NASA’s Unique SOFIA Boeing 747SP Flying Telescope Is Done

After years of airborne astronomy, a gigantic flying infrared telescope will end operations in September, NASA says.

NASA’s one-of-a-kind, modified Boeing 747SP airborne telescope platform is out of a job. 

The space agency announced Thursday that the jet—known as the Stratospheric Observatory for Infrared Astronomy (SOFIA)—will be shut down this year, after performing hundreds of missions to observe the moon, stars, planets, and faraway galaxies.

The reason? According to a peer-reviewed report for NASA, SOFIA’s “science productivity does not justify its operating costs.” 

Development costs for the program totaled more than $1 billion, according to NASA’s Office of Inspector General, and the project’s annual operating costs were around $83 million.

Flying with the Door Open

In partnership with the German Space Agency at the Deutsches Zentrum für Luft- und Raumfahrt (DLR), SOFIA flew regular flights up to FL450 (45,000 feet) with a 106-inch reflecting telescope on board. At that altitude, the telescope flew above 99 percent of Earth’s atmospheric water vapor, allowing astronomers clearer views of space. 

Based north of Los Angeles at NASA’s Armstrong Flight Research Center, SOFIA performs its missions at night, flying thousands of miles over multiple western states, or elsewhere around the world. The telescope gathers data through a huge door in SOFIA’s fuselage, which remains open during observations, despite high altitudes and low outside temperatures. 

SOFIA flies with its fuselage telescope door open at altitudes up to 45,000 feet. [Courtesy: NASA/Jim Ross]

Incredibly, despite being inside a flying airplane with an open door, the telescope remains still enough to point accurately. In 2010, SOFIA’s program manager Bob Meyer explained how. “The telescope rests on big shock mounts that isolate the mechanical vibrations of the plane from it. And on the back edge of the cavity there’s a ramp that catches the airflow entering the cavity and redirects it back over the ramp and out of the cavity.”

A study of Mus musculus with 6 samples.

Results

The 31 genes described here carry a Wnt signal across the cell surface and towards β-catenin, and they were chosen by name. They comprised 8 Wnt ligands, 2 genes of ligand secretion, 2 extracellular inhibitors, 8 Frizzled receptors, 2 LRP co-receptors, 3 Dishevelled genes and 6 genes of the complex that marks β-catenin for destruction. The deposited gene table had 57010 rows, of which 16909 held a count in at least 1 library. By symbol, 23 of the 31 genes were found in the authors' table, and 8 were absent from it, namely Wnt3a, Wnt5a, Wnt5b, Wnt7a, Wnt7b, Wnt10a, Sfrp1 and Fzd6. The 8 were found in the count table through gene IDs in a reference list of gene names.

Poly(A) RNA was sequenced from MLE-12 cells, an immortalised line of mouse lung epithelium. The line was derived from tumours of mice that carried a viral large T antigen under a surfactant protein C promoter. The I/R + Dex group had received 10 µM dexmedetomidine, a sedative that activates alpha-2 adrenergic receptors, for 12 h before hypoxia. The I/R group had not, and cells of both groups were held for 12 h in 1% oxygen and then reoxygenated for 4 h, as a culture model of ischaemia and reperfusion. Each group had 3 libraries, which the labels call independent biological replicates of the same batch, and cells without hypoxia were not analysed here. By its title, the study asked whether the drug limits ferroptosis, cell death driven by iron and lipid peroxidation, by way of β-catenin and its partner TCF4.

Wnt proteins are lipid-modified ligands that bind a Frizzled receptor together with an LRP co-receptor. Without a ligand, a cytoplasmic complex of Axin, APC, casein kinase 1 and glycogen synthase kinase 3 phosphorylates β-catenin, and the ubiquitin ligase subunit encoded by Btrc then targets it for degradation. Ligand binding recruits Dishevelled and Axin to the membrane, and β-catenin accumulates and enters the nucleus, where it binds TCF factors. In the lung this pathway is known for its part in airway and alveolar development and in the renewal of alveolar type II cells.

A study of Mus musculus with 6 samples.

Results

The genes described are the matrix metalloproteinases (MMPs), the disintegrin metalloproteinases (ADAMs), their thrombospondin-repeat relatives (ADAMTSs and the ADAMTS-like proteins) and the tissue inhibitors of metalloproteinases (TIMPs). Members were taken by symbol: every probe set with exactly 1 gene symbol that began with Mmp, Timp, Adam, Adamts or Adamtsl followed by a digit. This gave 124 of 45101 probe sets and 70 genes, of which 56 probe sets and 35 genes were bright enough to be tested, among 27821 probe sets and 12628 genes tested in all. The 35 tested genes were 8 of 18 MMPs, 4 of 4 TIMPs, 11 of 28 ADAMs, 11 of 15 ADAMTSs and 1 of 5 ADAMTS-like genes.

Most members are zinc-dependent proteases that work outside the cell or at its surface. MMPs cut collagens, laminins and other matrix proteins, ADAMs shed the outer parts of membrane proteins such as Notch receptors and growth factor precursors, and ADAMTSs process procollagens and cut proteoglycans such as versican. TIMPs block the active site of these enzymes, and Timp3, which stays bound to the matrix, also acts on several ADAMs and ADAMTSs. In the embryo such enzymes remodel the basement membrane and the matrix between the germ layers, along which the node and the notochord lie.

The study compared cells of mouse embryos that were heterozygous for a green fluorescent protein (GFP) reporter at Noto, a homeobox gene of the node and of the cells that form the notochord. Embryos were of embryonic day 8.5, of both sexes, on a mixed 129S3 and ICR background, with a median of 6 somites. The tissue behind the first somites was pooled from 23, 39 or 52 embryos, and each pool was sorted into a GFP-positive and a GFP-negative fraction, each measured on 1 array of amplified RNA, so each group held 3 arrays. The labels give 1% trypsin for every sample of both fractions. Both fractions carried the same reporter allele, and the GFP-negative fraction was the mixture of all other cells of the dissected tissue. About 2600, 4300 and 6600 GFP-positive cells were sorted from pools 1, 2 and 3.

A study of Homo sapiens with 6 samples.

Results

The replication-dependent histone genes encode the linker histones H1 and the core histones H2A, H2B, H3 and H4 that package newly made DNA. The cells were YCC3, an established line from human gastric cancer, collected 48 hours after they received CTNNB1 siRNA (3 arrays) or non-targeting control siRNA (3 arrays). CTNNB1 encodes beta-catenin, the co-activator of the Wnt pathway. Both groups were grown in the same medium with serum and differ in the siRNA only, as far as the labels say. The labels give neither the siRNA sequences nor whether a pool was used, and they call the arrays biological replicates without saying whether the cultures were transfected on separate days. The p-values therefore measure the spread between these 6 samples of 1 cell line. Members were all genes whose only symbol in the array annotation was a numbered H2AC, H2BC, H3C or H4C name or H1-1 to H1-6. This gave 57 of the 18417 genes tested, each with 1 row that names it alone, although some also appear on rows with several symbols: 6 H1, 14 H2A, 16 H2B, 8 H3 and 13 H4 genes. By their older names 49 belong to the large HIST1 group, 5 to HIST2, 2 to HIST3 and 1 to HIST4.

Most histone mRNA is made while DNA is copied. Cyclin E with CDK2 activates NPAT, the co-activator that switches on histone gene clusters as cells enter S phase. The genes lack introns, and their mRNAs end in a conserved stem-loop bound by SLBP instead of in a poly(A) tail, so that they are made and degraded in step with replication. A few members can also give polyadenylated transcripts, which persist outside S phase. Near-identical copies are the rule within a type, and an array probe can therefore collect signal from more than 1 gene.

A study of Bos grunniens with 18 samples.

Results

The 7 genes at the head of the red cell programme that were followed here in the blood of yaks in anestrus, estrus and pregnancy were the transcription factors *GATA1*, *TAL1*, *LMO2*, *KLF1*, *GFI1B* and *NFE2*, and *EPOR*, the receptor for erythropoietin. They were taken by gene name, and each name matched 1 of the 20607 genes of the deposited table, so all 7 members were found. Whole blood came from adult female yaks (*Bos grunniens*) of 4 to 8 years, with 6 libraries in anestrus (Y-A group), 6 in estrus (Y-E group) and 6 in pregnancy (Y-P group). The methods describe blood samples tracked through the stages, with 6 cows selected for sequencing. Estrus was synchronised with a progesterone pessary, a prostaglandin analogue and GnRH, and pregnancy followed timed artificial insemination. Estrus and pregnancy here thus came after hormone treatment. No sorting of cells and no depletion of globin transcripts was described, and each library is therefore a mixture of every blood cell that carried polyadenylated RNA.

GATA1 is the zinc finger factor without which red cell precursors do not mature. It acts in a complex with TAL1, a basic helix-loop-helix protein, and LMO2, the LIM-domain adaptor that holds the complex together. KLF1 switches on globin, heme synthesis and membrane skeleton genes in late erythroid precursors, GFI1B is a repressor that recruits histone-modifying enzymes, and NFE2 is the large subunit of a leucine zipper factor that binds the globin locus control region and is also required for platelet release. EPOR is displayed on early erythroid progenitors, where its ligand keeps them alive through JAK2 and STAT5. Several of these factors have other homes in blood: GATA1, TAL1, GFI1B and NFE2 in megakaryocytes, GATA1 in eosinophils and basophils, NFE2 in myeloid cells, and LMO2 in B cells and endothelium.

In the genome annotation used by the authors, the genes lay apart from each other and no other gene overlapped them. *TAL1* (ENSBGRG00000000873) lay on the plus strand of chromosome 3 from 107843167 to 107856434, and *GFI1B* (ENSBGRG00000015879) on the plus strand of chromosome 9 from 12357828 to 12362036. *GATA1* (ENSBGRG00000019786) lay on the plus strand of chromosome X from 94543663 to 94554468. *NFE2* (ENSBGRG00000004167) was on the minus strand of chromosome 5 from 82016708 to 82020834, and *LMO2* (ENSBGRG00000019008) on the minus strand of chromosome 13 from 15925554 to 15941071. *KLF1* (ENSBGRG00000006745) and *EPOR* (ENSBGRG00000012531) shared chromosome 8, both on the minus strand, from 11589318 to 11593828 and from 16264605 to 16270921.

Big Discoveries

Following its first flight in 2010, SOFIA was declared fully operational in 2014. In 2020, SOFIA discovered evidence of water on the moon—a key piece of data that continues to inform NASA about potential locations for lunar exploration. 

Some of SOFIA’s other important discoveries included: 

  • the first type of molecule to form in the universe
  • the fact that a nearby planetary system is similar to ours 
  • the result of colliding exoplanets 
  • magnetic fields may be feeding black holes

About the Aircraft 

The 747SP variant was a rare model of the iconic airliner—only 45 were produced. SP stands for “special performance.” Built with a shorter length and a longer range than the 747-100, the first SP was delivered in 1976 for Pan Am. The last SP was delivered in 1989. 

SOFIA—tail number N747NA—is one of just a handful of remaining airworthy SPs. It was delivered to Pan Am in 1977 and christened Clipper Lindbergh by Charles Lindbergh’s widow, Anne Morrow Lindberg. In 1986, it was sold to United Airlines, and in 1997, it was acquired by NASA. 

During SOFIA’s final months in the program, NASA says it will complete its scheduled operations for this fiscal year and undergo an “orderly shutdown.” No word yet on what will become of the rare jet. 

The agency says it will continue to explore the heavens with infrared technology, including the newly launched James Webb Space Telescope.

SOFIA’s legacy will be its precious data, which will continue to help astronomers around the world for generations to come. NASA says it will be available at the agency’s public archives.